AppetizerCarolyne Kauser-AbbottProvencal RecipesTaste: Food & Drink

Savoury Olive Cake Appetizer

Contributor blog post by Aurelie Gilabert:

Aurelie Gilabert, the founder of Avignon Gourmet Tours is an Avignon native, who seamlessly navigates her way between three languages (French, English and Portuguese). She offers guided tours of the papal city with just the right blend of historical information and foodie tidbits – be prepared to sample local treats along your walk. Aurelie agreed to share her recipe for olive cake a savoury appetizer with Perfectly Provence readers.

 

Olive Cake recipe @AvignonGourmetTours
Savoury Olive Cake
Print Recipe
Today we’re sharing with you a delicious recipe made of Provençal ingredients that will be perfect for your aperitif along with a glass of Rosé (or 2!). Needless to say, in the south of France love “L’apéro” as we call it here. Call it aperitif, pre-dinner nibbles; it’s all about sharing a great time with your friends and family. A traditional aperitif is made of different olive varieties, tomatoes (either confites or small fresh ones), some nice cheese and sometimes cold meat cuts. But if you have some time on your hands, it’s always nice to add one or two homemade delights. Here is a recipe for a savoury olive cake or bread, that can be eaten on its own or even replace the bread for your dinner. We’ll be using a local variety of olives, called “Nyons”. They are protected by a quality label that guarantees the origins and quality. They grow in the town of the same name (Nyons), located 70km north of Avignon and are picked at full maturity, between December and January. If you can’t get your hands on Nyons Olives, try and look for good quality black olives (Greek Kalamatas for example).
Servings Prep Time
6 People 10 minutes
Cook Time
40 minutes
Servings Prep Time
6 People 10 minutes
Cook Time
40 minutes
Olive Cake recipe @AvignonGourmetTours
Savoury Olive Cake
Print Recipe
Today we’re sharing with you a delicious recipe made of Provençal ingredients that will be perfect for your aperitif along with a glass of Rosé (or 2!). Needless to say, in the south of France love “L’apéro” as we call it here. Call it aperitif, pre-dinner nibbles; it’s all about sharing a great time with your friends and family. A traditional aperitif is made of different olive varieties, tomatoes (either confites or small fresh ones), some nice cheese and sometimes cold meat cuts. But if you have some time on your hands, it’s always nice to add one or two homemade delights. Here is a recipe for a savoury olive cake or bread, that can be eaten on its own or even replace the bread for your dinner. We’ll be using a local variety of olives, called “Nyons”. They are protected by a quality label that guarantees the origins and quality. They grow in the town of the same name (Nyons), located 70km north of Avignon and are picked at full maturity, between December and January. If you can’t get your hands on Nyons Olives, try and look for good quality black olives (Greek Kalamatas for example).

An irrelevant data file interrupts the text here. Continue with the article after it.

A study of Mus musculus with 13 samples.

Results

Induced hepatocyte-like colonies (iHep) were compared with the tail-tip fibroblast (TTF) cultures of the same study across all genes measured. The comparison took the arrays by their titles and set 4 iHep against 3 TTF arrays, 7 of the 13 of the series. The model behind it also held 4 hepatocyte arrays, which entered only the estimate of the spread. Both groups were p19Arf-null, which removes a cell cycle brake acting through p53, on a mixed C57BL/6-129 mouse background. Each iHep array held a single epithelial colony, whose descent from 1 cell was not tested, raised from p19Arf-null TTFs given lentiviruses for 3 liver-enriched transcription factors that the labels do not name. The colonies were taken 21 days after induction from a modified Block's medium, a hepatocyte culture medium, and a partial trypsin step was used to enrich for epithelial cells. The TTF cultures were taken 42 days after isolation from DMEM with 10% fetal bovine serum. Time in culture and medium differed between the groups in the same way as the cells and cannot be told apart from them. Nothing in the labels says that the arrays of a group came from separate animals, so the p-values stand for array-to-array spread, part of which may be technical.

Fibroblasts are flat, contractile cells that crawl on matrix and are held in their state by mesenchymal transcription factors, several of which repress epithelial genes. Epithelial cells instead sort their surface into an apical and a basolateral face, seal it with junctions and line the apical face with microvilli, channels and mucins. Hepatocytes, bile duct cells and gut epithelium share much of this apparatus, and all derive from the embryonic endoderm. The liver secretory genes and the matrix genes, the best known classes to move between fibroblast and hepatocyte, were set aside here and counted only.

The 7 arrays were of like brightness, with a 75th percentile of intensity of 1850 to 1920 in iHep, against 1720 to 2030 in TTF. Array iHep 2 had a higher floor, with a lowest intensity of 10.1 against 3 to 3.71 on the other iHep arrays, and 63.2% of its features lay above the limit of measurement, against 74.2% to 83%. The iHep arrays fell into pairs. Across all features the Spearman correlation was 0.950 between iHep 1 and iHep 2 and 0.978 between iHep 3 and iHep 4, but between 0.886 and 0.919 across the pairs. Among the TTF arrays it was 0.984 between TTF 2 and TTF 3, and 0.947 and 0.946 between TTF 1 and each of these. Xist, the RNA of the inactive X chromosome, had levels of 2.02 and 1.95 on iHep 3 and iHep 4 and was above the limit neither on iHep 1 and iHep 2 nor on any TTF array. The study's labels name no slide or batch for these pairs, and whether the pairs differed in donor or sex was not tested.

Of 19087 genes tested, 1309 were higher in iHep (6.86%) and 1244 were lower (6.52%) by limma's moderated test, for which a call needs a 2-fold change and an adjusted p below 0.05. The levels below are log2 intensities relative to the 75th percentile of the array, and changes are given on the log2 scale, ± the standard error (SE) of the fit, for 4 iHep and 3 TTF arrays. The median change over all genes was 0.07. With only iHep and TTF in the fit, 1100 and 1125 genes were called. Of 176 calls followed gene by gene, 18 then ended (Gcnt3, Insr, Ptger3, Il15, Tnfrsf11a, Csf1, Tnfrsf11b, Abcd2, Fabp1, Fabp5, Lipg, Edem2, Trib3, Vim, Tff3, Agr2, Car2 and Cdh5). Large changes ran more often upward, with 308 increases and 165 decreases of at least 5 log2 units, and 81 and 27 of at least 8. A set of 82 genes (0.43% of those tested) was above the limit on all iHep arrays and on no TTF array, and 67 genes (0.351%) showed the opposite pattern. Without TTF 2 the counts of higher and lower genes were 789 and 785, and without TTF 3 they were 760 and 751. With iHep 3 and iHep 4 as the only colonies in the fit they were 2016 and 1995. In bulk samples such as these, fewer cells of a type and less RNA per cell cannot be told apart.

Servings Prep Time
6 People 10 minutes
Cook Time
40 minutes
Servings Prep Time
6 People 10 minutes
Cook Time
40 minutes
Ingredients
Servings: People
Instructions
  1. Preheat your oven at 180°C
  2. Grease and base line a loaf tin (1 litre or 10×20)
  3. In a bowl, whisk the eggs with the salt, pepper and sugar until the volume doubles.
  4. Add the thyme, rosemary, cream and oil. Use a sieve to add the flour and baking powder to the mixture.
  5. Put in the oven and bake for about 40min. To check if the cake is ready, insert a skewer in the center of the cake, it should come out clean.
  6. Leave to rest for about 5min in the tin before turning out on a wiring rack to cool.
  7. You can send us your pics if you give it a go Bon Appétit !

Carolyne Kauser-Abbott

With her camera and laptop close at hand, Carolyne has traded in her business suits for the world of freelance writing and blogging. Her first airplane ride was at six-months old, her introduction to the exciting world of travel.

While in Provence, Carolyne can be found hiking with friends, riding the hills around the Alpilles or tackling Mont Ventoux. Her attachment to the region resonates in Perfectly Provence this digital magazine that she launched in 2014. This website is an opportunity to explore the best of the Mediterranean lifestyle (food & wine, places to stay, expat stories, books on the region, travel tips, real estate tips and more), through our contributors' articles.

Carolyne writes a food and travel blog Ginger and Nutmeg. Carolyne’s freelance articles can be found in Global Living Magazine, Avenue Magazine and City Palate (Published Travel Articles).